OIINK!: A Telescope to Peer into Earth's Interior!

What is OIINKIt is a new regional research project to study the details of the Earth's structure beneath the central United States. Three university research teams' from the University of Illinois, Indiana University, and Purdue University, together with the Illinois and Indiana state geological surveys, have teamed up to take on an ambitious project to better understand earthquakes and the geological structures that trigger them. This new research project, supported by the National Science Foundation, is playfully dubbed "OIINK!" after its principal study area: Ozarks Illinois INdiana Kentucky. The project involves the operation of a large seismic array centered over the Illinois Basin. It is being conducted in coordination with the deployment of a nationwide array of seismometers called the USArray The USArray is a component of a large experimental program called EarthScope, a national scientific experiment directed at understanding the geologic processes that create earthquakes and their relation to continental-scale geologic structures.

Location map of planned OIINK! seismometer deployment in two phases.

Location map of planned OIINK! seismometer deployment in two phases. The OIINK! array will fit within the larger EarthScope Transportable Array (TA) configuration. Inset map (lower right) is an image of the structure of the Precambrian surface in the study area and shows how OIINK! is designed to investigate the boundaries between the Ozark Plateau, the Illinois Basin, the Rough Creek Graben, and the Grenville Front.

Our study area includes some of the world's best examples of geologic structures typical of the Earth's continental interiors (or "cratons"). The study will help us understand the structure of the Earth's crust and under-lying mantle, the causes of earthquakes within the interior of an otherwise stable craton, and the geologic history of the North American continent. Specifically, our array will span four of the major geologic structures that characterize the mid-continental area of the central US: the Ozark Dome of southeastern Missouri, the Illinois Basin of southern Illinois and Indiana, the Rough Creek Graben of western Kentucky, and the Grenville Front of central Kentucky. These features also include major fault zones such as the Wabash Valley Seismic Zone, the source of many earthquakes in the Midwest.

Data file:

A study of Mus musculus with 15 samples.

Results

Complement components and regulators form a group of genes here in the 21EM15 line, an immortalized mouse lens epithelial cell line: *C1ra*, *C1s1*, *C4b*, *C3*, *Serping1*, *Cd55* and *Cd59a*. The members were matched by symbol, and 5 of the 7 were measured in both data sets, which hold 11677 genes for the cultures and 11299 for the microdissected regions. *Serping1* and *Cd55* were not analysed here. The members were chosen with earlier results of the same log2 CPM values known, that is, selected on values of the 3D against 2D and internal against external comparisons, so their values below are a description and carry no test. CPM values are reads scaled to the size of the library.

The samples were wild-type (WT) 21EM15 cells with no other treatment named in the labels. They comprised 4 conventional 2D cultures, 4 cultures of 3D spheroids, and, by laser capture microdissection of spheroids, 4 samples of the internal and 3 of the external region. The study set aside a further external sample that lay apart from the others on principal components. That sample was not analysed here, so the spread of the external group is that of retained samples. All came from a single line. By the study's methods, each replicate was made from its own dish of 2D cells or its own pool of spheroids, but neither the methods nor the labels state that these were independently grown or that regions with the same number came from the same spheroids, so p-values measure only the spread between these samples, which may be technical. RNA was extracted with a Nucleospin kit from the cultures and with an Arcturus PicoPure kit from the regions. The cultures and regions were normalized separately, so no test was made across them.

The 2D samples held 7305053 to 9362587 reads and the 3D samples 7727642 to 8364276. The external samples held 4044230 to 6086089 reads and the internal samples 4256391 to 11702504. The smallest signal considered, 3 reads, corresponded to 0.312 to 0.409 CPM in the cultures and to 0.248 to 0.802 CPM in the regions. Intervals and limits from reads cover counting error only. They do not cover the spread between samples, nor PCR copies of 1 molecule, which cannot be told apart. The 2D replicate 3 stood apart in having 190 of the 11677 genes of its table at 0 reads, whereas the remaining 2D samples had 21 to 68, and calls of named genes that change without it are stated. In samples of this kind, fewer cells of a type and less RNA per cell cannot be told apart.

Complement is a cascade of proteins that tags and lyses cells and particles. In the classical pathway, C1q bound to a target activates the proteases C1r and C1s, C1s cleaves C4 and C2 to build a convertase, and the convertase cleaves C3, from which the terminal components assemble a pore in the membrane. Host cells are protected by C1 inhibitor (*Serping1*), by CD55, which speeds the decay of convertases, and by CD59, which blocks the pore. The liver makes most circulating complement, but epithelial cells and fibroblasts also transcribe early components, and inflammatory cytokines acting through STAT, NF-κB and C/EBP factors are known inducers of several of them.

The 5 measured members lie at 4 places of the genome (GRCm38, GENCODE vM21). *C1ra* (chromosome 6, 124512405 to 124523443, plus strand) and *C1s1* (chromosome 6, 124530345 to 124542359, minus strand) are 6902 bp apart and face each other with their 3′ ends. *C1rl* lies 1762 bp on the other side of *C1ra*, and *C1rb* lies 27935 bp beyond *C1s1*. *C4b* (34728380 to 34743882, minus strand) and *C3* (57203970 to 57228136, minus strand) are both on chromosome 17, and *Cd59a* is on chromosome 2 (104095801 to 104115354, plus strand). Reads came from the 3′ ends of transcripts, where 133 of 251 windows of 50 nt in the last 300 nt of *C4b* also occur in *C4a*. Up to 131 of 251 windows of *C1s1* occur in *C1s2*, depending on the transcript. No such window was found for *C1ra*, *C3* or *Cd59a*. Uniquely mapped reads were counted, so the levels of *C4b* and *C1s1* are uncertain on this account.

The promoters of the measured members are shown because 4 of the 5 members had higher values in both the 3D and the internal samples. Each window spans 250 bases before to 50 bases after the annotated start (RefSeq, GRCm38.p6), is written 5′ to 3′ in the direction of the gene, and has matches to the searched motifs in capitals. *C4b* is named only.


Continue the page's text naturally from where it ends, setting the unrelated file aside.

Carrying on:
Beginning in the summer of 2011, our researchers visited dozens of sites in southern Illinois and southeastern Missouri, selecting sites for the first 60 of the OIINK! array stations (violet and yellow symbols on the 2nd figure). We installed seismic vaults at 38 of the 60 sites. With only a fraction of the network instruments available, we elected to install a "pilot network", consisting of 23 seismic stations in the western half of the network. The pilot network consists of:

  • 13 "short-period" seismometers (shown by yellow circles on map) clustered along the Illinois-Missouri border that are designed for recording local earthquakes, and
  • 10 "broadband" seismometers (yellow triangles) along an east-west line through the network that are designed for recording both local and global earthquakes.

The pilot network, together with neighboring sites of the national USArray network (red triangles), are providing us with detailed data on earthquakes and earth structure along the Ozark Dome/Illinois Basin transition.

OIINK! array as it exists in May 2012. OIINK! stations are shown in violet circles and yellow circles and triangles

OIINK! array as it exists in May 2012. OIINK! stations are shown in violet circles and yellow circles and triangles. Stations shown as violet circles have been permitted. Vaults have been constructed at many of these stations. Stations shown as yellow have operating instruments: yellow circles are short period seismometers, yellow triangles are long period seismometers. OIINK! also uses data from the Transportable Array (red triangles and the existing network of permanently installed broadband seismometers (blue triangles).

In its first several months of recording, the OIINK! network has already recorded several thousand seismic events. The recordings are dominated by the "artificial earthquakes" produced by blasting from neighboring quarries and surface mines, which occur at a rate of about 25 events/day. A major technical challenge is the discrimination of quarry and mine blasts from naturally occurring seismicity. The blasts are located in belts associated with coal mining along the eastern and western margins of the Illinois Basin and in the Rough Creek Graben.

We have recorded a small number of local natural seismic events and a much larger number of regional earthquakes from the New Madrid earthquake zone, as well as earthquakes from Oklahoma, Arkansas, Virginia, and Texas. We are able to record earthquakes as small as magnitude 2.0 for local earthquakes and magnitude 3.0 elsewhere in the region. Data from the OIINK! array are also being used to help us understand the geologic structures that produce these small earthquakes. Initial results from a sophisticated imaging technique called "teleseismic receiver function analysis" suggests that the Earth's crust and underlying mantle beneath the Ozark Plateau and the Illinois Basin vary considerably both in thickness and in physical properties.